What will happen next in Ukraine? Several Bowdoin College students, curious about the unfolding political situation in the former Soviet Union, recently asked Laura Henry, an expert on Russian civil society and social movements, to lead a discussion at Burnett House on the topic.
Henry, Bowdoin’s John F. and Dorothy H. Magee Associate Professor of Government, opened the evening talk by describing the history behind the conflict. Ukraine has traditionally been culturally and geographically divided, split between ethnic Ukrainians in the west and ethnic Russians in the east. Many western Ukrainians desire closer ties with the European Union. Over the last few years this has manifested in a proposed deal called the Eastern Partnership, which, had it been ratified, would have supported more tourism, trade agreements and more.
But Russian President Vladimir Putin does not back the Eastern Partnership, which he sees as a threat to Russia, Ukraine’s longtime ally. He pressured Ukrainian President Victor Yanukovych not to sign the agreement, and in November 2013 Yanukovych complied.
This betrayal enraged pro-western, nationalistic Ukrainians, who took to the streets, demanding that the government step down. Violence quickly ensued, and on February 21 Yanukovych fled over the border into Russia. The Ukrainian Parliament, the Rada, quickly voted to instate a new acting president, and Yanukovych, from his refuge in Russia, asserted that an illegal coup had taken place. He wrote to Putin (at Putin’s behest, according to some) urging Russia to intervene and invade Crimea, where, ironically, there was little violence and few protests occurring.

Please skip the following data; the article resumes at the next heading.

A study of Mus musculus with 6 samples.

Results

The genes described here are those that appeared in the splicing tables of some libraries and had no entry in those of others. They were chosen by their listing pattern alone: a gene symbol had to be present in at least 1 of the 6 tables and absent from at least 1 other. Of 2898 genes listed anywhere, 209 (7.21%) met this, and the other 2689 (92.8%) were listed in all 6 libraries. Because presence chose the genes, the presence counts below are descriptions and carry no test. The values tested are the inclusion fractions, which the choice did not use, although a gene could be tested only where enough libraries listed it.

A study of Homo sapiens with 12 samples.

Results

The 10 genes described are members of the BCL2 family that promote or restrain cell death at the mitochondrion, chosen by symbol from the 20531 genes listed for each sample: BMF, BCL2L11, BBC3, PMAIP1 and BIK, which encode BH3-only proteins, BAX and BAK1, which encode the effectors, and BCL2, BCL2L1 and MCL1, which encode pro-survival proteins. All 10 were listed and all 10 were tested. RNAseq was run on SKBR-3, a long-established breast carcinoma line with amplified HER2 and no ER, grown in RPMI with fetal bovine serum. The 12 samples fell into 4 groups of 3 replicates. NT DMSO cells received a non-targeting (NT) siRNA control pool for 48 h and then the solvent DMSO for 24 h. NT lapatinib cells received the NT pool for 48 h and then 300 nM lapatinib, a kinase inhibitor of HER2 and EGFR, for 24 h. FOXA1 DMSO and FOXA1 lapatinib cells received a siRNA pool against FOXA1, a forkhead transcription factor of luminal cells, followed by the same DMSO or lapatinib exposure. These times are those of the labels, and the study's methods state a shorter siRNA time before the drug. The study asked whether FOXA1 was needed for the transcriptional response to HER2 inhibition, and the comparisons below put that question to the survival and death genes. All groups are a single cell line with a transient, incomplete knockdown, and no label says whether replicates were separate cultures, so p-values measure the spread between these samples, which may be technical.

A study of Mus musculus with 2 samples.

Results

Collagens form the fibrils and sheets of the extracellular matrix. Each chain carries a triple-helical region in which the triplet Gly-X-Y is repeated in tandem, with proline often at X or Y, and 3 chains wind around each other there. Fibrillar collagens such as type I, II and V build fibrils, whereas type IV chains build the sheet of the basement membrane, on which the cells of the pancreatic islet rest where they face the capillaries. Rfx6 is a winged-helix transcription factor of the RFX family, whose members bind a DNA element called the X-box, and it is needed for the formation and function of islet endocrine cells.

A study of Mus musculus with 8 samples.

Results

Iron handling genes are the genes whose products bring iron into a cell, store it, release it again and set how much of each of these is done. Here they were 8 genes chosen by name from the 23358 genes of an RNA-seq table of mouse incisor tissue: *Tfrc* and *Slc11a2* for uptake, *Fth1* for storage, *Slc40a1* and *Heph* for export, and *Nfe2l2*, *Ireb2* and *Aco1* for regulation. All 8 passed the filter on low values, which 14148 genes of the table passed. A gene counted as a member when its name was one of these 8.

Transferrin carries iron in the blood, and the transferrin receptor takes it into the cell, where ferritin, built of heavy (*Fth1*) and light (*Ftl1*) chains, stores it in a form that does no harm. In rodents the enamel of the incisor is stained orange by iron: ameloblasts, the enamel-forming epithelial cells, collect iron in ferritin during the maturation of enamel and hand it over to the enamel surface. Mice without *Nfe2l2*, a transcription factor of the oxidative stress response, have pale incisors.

So what is the world to think of all this? Henry said she believes that international efforts will be slow to mobilize: the E.U. requires the agreement of 28 members before joint action can be taken. And if the United States plays any role, it will be “in concert with the Europeans” on sanctions. Putin has already warned against sanctions by threatening E.U. property as well as the strength of the U.S. dollar, which Russia can influence through its national bank. Henry believes that economic consequences are more likely to slow Putin down than threats of force.
Still, other nations face a serious dilemma in waiting to act. International norms have been violated and many countries feel a responsibility to protect Ukraine’s sovereignty, but are wary of instigating any more violence.
If Putin is a rational actor, said Henry, the conflict is likely to freeze at Crimea and civil war will be avoided. “But I don’t know if he’s a rational actor anymore!” she quipped. “It’s very dangerous to predict things about Russia. You’re just inviting yourself to be proven wrong,” she said with a smile.